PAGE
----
We all have that one food item that takes us back to our childhood. Shiitake mushrooms are mine. They remind me of my mother and her delicious home-cooked meals. My favorite thing to do is bite into a meaty shiitake that’s been soaked in my mother’s amazing chicken soup – the soup that oozes out from the mushroom is perfectly laced with smoky shiitake essence, making for the perfect bite.

Shiitakes are great for many reasons. Not only are they tasty, they’re also known to have various health benefits. They contain compounds that are said to boost immunity, support cardiovascular health, slow tumor growth, treat infections, slow down viruses, and lower cholesterol. They also contain a protein called lentinan that’s supposed to have cancer-preventing properties. As with all vegetables, the longer you cook them, the more nutritional value shiitakes lose, so if you’re eating them for their health benefits, then a quick sauté with butter, some herbs and salt is all you need.

As a kitchen ingredient, I love shiitakes for their versatility. You can make them the star of your dish or a handsome supporting actor. The smokiness of the shiitake lends a rich flavor to any dish — so don’t limit them to only Asian cuisine. They work their magic in Western dishes too – risotto, pasta, stuffed shells, meatloaf, even pate! The key is picking good shiitakes. It’s important to know that they come in different sizes and thickness. The larger and meatier they are, the pricier (and tastier) they’re going to be. They also come fresh or dried. A good (fresh) shiitake mushroom should be plump and firm. If it feels soggy, then it’s not fresh. Personally, I love the tender, meaty texture of fresh shiitakes, but dried ones have a smokier infusion so it really boils down to your own personal preference. You can’t go wrong with either.

I’ve mentioned how great they taste in chicken soup. Here’s how to cook them. If you’re using fresh shiitakes, simply wash, soak for about 20 minutes, trim the bottoms of the stems (don’t remove them completely), and toss into your boiling soup. (I like my mushrooms whole when served in soup, but feel free to slice if you’d like). If you’re using dried shiitakes, then, while your soup is cooking, wash the mushrooms and then put them in a bowl of water to soak until they are completely rehydrated and feel soft. Once soft, trim the ends as you would the fresh ones and toss in your soup. To really coax out flavor, leave them boiling in the soup for at least 30 minutes. (Don’t worry, I’ve never once over-cooked shiitakes in soup).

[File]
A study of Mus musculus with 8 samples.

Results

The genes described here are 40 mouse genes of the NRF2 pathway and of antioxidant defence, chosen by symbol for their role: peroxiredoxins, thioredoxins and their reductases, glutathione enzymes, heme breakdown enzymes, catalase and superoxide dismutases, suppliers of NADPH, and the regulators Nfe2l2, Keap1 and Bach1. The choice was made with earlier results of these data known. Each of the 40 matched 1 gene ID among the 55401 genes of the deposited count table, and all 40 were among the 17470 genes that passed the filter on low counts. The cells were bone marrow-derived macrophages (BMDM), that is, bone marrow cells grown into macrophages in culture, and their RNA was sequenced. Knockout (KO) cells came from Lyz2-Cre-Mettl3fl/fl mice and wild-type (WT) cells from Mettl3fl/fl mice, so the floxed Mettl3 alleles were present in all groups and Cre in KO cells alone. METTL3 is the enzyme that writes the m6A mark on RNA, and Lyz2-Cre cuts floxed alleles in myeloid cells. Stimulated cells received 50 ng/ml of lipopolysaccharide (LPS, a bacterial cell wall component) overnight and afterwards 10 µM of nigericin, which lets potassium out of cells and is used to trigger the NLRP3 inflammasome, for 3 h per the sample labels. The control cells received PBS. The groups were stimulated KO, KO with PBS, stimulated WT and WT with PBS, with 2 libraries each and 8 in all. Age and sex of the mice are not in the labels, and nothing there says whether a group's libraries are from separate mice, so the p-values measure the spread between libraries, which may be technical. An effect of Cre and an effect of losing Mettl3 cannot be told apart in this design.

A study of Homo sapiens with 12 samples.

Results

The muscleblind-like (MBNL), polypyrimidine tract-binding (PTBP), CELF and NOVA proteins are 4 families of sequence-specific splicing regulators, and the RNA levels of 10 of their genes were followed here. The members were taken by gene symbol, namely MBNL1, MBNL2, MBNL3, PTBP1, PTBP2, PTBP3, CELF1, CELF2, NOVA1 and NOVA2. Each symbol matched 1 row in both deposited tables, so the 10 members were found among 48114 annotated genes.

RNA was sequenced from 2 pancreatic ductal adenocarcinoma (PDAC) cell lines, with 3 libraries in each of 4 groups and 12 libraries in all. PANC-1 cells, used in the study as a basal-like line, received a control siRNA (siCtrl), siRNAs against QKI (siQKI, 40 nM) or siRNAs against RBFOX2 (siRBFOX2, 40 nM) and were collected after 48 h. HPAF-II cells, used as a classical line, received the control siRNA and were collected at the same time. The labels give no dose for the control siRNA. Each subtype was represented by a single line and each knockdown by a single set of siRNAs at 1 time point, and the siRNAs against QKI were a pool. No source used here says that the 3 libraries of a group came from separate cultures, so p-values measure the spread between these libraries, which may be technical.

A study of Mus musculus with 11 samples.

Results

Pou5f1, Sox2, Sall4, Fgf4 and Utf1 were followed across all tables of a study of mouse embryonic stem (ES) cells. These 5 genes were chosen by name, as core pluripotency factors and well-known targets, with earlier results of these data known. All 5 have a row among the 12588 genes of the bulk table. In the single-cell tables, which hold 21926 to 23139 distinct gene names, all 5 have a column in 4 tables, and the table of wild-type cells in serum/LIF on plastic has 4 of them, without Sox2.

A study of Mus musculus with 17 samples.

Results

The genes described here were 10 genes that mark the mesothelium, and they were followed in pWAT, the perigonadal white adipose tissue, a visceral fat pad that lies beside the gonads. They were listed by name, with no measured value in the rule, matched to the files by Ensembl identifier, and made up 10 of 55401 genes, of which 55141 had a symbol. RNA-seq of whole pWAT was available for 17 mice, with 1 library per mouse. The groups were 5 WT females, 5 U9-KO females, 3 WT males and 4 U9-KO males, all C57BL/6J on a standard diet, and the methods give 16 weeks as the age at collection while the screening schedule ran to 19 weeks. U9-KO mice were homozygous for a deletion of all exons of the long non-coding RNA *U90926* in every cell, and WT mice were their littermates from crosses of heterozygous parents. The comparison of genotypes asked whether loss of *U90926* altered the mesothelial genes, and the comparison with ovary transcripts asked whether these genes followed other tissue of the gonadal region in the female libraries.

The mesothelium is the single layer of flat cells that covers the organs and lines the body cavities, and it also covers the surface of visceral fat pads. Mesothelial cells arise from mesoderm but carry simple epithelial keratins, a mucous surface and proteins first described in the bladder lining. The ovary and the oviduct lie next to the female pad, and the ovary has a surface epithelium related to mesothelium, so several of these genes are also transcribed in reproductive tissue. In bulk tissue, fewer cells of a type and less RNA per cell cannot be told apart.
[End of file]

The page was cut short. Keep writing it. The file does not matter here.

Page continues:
Another popular way shiitakes are served is braised. (They’re so addictive when paired with a bowl of hot jasmine rice). Here’s a simple recipe I like to use – adapted from Christine’s Recipes:

Braised Shiitake Mushrooms in Oyster Sauce


  • 8 to 10 whole shiitake mushrooms (dried or fresh)
  • 1 thumb-sized rock sugar
  • a few drops of oil


  • 1 tsp light soy sauce
  • 2 Tbsp oyster sauce
  • 2 tsp cornflour/potato starch
  • 2 Tbsp water
  • sesame oil, to taste


  1. Rinse mushrooms to rid any dirt, then soak them in water. (If using dried shiitakes, soak until they feel soft and spongy). Once soft, drain out the mushrooms and trim the bottoms of the stems.  Save the soaking water for later use. (At this point, Christine’s recipe tells you to rub the mushrooms in cornflour, letting them sit and then rinsing. This helps make the flesh smoother. I don’t incorporate this step when I make this dish (largely because I don’t have the patience for it) and my mushrooms still turn out perfectly tasty.
  2. Using a deep pot, add the mushrooms, 1/4 cup of soaking water, rock sugar and oil. Cook over medium-high heat. Once your mixture boils, reduce the heat to low and simmer until the water dries up and thickens. (If you want your dish to taste even smokier, you can add more soaking water and cook until it dries up). Pour in all the seasonings and stir to combine. Season with more soy sauce or sugar to your liking. Serve hot.

Here’s a handy tip – the soaking water from the shiitake is a great natural flavor additive. I usually pour some of the soaking water in whatever I’m cooking to step up the shiitake flavor and it really adds a good kick of smoke! (Especially great in carb recipes like risottos, pastas and noodle dishes). You can also freeze some of the soaking water to flavor future dishes.

Whether they’re sautéed, braised, stir-fried, or in soup, the shiitake is tasty and good for your health. Give them a try and let me know what you think. I’d also love to hear about your favorite ways to use shiitakes!

One thought on “It’s All About the Shiitake

  1. I also have a love hate relationship with musmorohs. I hate the earthy taste they give off if not cooked properly or eaten raw. I know there is something I am missing, but I can’t remember. OH! It’s bell peppers. I can’t stand how some of them taste sometimes. I’ll be able to eat them raw one day but then they taste horrible the next raw so I’ll cook them and vise versa. I don’t know why though because I used to love bell peppers, especially the green and red ones. That cherry compote looks good though!